Verse > Anthologies > Edmund Clarence Stedman, ed. > An American Anthology, 1787–1900
 
1681. The Dancer
 
By Ednah Proctor (Clarke) Hayes
 
 
SKIN creamy as the furled magnolia bud
  That stabs the dusky shadows of her hair;
Great startled eyes, and sudden-pulsing blood
  Staining her cheek and throat and shoulder bare.
 
        (Ah Manuelita!        5
        Lita Pepita!
        List the cachucha!
        Dance! dance!)
 
Swaying she stands, the while one rounded arm
  Draws her mantilla’s folds in sky disguise,        10
Till in the music’s subtle, quickening charm
  Her trancëd soul forgets the alien eyes.
 
Fades the swift flush, save from the rose-soft mouth,
  And all the conquering memories of Spain
Fling wide her veil; the vintage of the South        15
  Leaps in her heart, and laughs through every vein!
 
        (Ah Manuelita!
        Star of Cordova!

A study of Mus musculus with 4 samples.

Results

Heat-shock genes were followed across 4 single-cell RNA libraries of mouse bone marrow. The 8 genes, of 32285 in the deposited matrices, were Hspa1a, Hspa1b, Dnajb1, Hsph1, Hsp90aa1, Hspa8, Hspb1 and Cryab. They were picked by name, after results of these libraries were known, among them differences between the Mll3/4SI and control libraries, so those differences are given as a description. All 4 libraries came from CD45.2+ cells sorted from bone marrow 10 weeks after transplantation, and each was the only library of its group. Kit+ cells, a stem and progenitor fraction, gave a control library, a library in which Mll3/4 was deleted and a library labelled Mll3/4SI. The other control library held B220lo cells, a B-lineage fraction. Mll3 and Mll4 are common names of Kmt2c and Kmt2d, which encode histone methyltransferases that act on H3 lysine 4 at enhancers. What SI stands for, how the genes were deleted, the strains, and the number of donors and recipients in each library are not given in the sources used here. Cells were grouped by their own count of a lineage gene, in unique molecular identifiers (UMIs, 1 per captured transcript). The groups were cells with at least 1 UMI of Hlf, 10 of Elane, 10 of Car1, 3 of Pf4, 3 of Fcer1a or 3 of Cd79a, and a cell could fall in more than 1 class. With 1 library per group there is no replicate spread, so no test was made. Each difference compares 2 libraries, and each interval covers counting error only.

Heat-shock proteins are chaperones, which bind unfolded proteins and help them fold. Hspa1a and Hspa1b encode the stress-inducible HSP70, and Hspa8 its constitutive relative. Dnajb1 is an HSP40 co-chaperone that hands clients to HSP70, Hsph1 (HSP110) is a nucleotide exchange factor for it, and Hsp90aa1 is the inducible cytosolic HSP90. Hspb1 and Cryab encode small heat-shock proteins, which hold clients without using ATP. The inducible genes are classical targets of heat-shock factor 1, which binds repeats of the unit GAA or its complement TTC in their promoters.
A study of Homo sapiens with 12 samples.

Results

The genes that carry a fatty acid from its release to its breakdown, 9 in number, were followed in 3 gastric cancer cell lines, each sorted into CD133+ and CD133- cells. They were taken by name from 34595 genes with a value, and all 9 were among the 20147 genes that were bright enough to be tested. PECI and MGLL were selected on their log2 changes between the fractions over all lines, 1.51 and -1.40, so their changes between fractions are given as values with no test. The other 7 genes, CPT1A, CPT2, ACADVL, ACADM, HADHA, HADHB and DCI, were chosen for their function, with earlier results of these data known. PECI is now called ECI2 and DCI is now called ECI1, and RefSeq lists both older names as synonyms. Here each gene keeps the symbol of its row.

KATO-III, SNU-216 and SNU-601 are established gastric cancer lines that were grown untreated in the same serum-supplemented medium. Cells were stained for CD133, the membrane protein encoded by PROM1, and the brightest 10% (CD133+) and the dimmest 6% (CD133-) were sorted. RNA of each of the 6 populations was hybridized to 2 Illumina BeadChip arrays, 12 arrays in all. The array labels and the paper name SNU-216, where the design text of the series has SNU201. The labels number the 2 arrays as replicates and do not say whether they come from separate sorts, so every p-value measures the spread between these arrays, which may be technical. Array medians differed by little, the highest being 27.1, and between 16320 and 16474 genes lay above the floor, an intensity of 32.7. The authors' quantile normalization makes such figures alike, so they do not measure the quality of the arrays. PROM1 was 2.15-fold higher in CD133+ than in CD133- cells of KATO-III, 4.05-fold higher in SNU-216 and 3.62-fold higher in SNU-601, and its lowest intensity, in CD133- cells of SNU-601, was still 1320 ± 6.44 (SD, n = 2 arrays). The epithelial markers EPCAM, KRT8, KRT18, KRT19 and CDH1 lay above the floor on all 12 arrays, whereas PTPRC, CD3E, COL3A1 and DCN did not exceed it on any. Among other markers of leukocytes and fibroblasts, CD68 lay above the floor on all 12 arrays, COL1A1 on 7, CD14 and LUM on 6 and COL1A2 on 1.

Passion and innocence!
        Dance! dance!)        20
 
Gone from her gaze the stage, the mimicry:
  Yon painted scene? It is Cordova’s walls!
The eager trumpets ring to revelry—
  The banderillero cries—the toro falls!
 
The vision thrills to heart, to eyes, to lips;        25
  Her castanets click out in conscious pride;
Curved throat, arched foot, and lissome-swaying hips,
  The music sweeps her in its swirling tide.
 
Love and denial, mockery and desire,
  A fountain tossing in its moody play,        30
Tempest of sunshine, cloud, and dew, and fire,
Dancing in joyance to the jocund day!
 
        (Ah Manuelita!
        Till the moon swoons in mist!
        Till the stars dim and die!        35
        Dance! dance!)
 
Soft! through the music steals a yearning strain,—
  Now distant viols grieve down the drowsy night,—
Her fluttering feet are poised, then drift again,
  Luring in languor, dreamy with delight.        40
 
        (Ah Manuelita!
        Witch of the wingëd feet!
        Lead on to dream or death!
        Dance! dance!)
 
Hushed in her heart are raptures and alarms;        45
  Falling, as water falleth, to her knees,
She spreads the drifted foam-wreath of her arms;
  The music dies in whispered ecstacies.